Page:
THE FACE AS A REFLECTION OF SPEECH TO STUDY PROSODY
The BCBL research centre, in collaboration with the Biogipuzkoa Health Research Institute, aims to find out the cognitive origin of the ability to interpret and distinguish the intonation of anger, joy, exclamations or questions.
The experts will test healthy people and patients with brain damage with the task of listening to sentences and then choosing the face that best expresses the words perceived.
Deficits in prosodic comprehension are common in people who have suffered a brain injury such as a stroke.
The proverb says that the face is the mirror of the soul, but what if it is also the mirror of speech? Or do we not change our gesture when we express anger or when we announce positive and joyful news? In the same way, our voice also varies depending on whether we are exclaiming or questioning something.
Our ability to interpret and distinguish the intonation of words in each of these communicative situations is known as prosody and plays a key role in human interactions. So much so that a deficit in this prosodic comprehension, which is common in people who have suffered a stroke, for example, has a significant impact on their quality of life.
The aim of a new study by the Basque Center on Cognition, Brain and Language (BCBL) in Donostia, in collaboration with the Donostia University Hospital and the Biogipuzkoa Health Research Institute (IIS Biogipuzkoa), is to find the origin of prosody and its failures and to understand how it works at brain level in healthy people and those with neurological damage.
“We will study the phases involved in the interpretation of intonation with the idea of observing what influence a deficit in this function can have on speech comprehension and which brain region is most closely related to prosody,” explains Giada Antonicelli, BCBL researcher.
As the expert adds, it is traditionally believed that emotional prosody (happy, angry or sad) is processed in the right hemisphere of the brain, while linguistic prosody (question, plea or exclamation) is processed in the left hemisphere. “This hypothesis is not supported by current evidence, which indicates a more complex distribution of prosody-related functions,” he says.
Healthy and brain-damaged participants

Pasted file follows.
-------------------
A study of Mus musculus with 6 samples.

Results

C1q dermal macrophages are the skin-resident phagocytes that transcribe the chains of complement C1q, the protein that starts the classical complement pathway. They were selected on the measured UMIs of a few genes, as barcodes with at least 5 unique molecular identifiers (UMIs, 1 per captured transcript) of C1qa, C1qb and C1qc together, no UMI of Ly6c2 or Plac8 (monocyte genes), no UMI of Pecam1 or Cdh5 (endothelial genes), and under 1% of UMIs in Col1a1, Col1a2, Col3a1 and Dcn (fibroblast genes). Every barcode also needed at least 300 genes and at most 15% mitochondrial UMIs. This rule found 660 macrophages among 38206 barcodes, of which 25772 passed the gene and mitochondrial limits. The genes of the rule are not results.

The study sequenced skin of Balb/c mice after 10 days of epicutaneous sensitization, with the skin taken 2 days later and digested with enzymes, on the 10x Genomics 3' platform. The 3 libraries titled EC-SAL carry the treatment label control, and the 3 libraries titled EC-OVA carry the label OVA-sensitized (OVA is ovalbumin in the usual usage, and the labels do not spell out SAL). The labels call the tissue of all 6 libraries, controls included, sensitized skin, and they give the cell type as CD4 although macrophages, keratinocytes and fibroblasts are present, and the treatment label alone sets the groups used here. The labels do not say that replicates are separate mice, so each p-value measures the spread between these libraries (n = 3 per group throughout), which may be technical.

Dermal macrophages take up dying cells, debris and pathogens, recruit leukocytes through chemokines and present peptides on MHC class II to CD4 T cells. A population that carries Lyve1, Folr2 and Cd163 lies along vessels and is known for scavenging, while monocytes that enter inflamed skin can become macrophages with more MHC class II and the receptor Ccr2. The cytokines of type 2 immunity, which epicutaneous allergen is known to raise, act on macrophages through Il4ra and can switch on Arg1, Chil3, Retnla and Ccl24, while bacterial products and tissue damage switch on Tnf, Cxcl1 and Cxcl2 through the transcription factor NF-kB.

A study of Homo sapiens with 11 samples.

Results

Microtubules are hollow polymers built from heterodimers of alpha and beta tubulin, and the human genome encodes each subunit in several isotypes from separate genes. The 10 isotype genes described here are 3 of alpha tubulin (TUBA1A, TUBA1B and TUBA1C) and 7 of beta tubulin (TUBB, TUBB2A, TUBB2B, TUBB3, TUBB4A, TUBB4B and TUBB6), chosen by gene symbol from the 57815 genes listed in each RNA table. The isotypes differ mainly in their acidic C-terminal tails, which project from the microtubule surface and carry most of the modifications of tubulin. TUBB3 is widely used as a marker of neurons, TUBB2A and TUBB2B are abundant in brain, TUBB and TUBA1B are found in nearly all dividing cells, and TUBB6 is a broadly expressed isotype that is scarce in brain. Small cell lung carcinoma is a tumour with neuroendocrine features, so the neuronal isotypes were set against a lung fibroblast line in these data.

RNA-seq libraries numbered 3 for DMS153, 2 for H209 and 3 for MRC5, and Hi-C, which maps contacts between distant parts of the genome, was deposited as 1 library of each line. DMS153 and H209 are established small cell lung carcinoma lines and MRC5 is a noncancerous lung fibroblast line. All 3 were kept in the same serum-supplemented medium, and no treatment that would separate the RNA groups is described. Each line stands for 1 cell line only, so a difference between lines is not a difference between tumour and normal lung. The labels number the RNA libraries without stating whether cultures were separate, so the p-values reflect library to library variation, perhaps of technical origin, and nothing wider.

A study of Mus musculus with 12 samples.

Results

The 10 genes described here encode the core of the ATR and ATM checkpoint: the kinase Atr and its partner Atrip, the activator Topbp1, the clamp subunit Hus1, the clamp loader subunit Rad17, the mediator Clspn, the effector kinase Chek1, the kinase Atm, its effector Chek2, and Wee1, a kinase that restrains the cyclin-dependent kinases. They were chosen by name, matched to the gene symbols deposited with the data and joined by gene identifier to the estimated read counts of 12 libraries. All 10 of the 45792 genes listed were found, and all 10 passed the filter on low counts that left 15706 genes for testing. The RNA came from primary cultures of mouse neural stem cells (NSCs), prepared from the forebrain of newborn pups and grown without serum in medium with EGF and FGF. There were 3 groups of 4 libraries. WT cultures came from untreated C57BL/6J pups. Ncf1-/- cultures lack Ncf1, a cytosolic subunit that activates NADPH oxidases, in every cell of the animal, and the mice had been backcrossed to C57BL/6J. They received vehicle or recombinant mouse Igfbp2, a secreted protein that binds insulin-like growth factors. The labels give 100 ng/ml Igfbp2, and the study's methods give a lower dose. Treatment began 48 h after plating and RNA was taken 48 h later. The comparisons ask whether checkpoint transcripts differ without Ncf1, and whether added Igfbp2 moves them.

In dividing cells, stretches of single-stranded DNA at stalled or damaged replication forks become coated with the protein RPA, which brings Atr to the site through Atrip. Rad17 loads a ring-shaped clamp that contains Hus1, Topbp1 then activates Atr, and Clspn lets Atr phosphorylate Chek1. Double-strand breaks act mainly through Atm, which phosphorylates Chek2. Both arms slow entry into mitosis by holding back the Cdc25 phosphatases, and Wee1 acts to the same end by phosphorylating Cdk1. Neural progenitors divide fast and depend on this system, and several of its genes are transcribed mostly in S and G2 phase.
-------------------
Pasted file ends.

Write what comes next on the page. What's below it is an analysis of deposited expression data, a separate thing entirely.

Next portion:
The BCBL researchers will analyse the interpretation of prosody in two groups of participants: on the one hand, patients with brain damage from the Neurology Service of the University Hospital of Donostia, which is collaborating in the study; and, on the other, healthy people over the age of 18.
In this second group, the centre is currently looking for volunteers who are right-handed, who have a minimum secondary school education, who are not taking medication for depression or anxiety, who do not have any kind of neurological problem and who have no musical training.
“The idea is to assess the effects that age and brain damage can have on prosody processing,” says Antonicelli.
To do this, experts will measure the behavioural and neuronal response of the participants through behavioural tests and magnetoencephalography (MEG), a non-invasive technique that detects the magnetic field produced naturally by the electrical activity of the brain.
In these tests, both healthy and sick people will undergo a simple task that will test their memory and language skills: listening to sentences and then choosing from 3 alternatives the face that best expresses the intonation of the words just heard, whether they are angry, happy, questioning, pleading or neutral.
The major novelty of the research lies in studying prosody in brain-damaged people using not only MEG, but also a statistical analysis technique called cortical tracking, which estimates the synchronisation between auditory stimuli and activity in the cerebral cortex.
“Previous research has shown that the brain and its oscillations tend to synchronise with the rhythm of speech, i.e. that neurons, the brain cells, slightly modify their activity to tune to the flow of speech. This is the first study to measure cortical tracking of prosody in people with brain damage and in different age groups to find out how this synchronisation influences prosodic comprehension,” stresses Simona Mancini, leader of the BCBL research group “Neurolinguistics and Aphasia”.
The results of the BCBL project, funded by the Spanish Ministry of Science and Innovation, will increase knowledge about the origin of prosody deficits and could help to guide rehabilitation therapies for people who have suffered a stroke, for example, and make them more effective.
Those who wish to participate and are available to come to BCBL’s facilities in the Miramón Technology Park, Donostia (Gipuzkoa), can contact the centre by e-mail at email@example.com, indicating in the subject line: “Protrack Study”.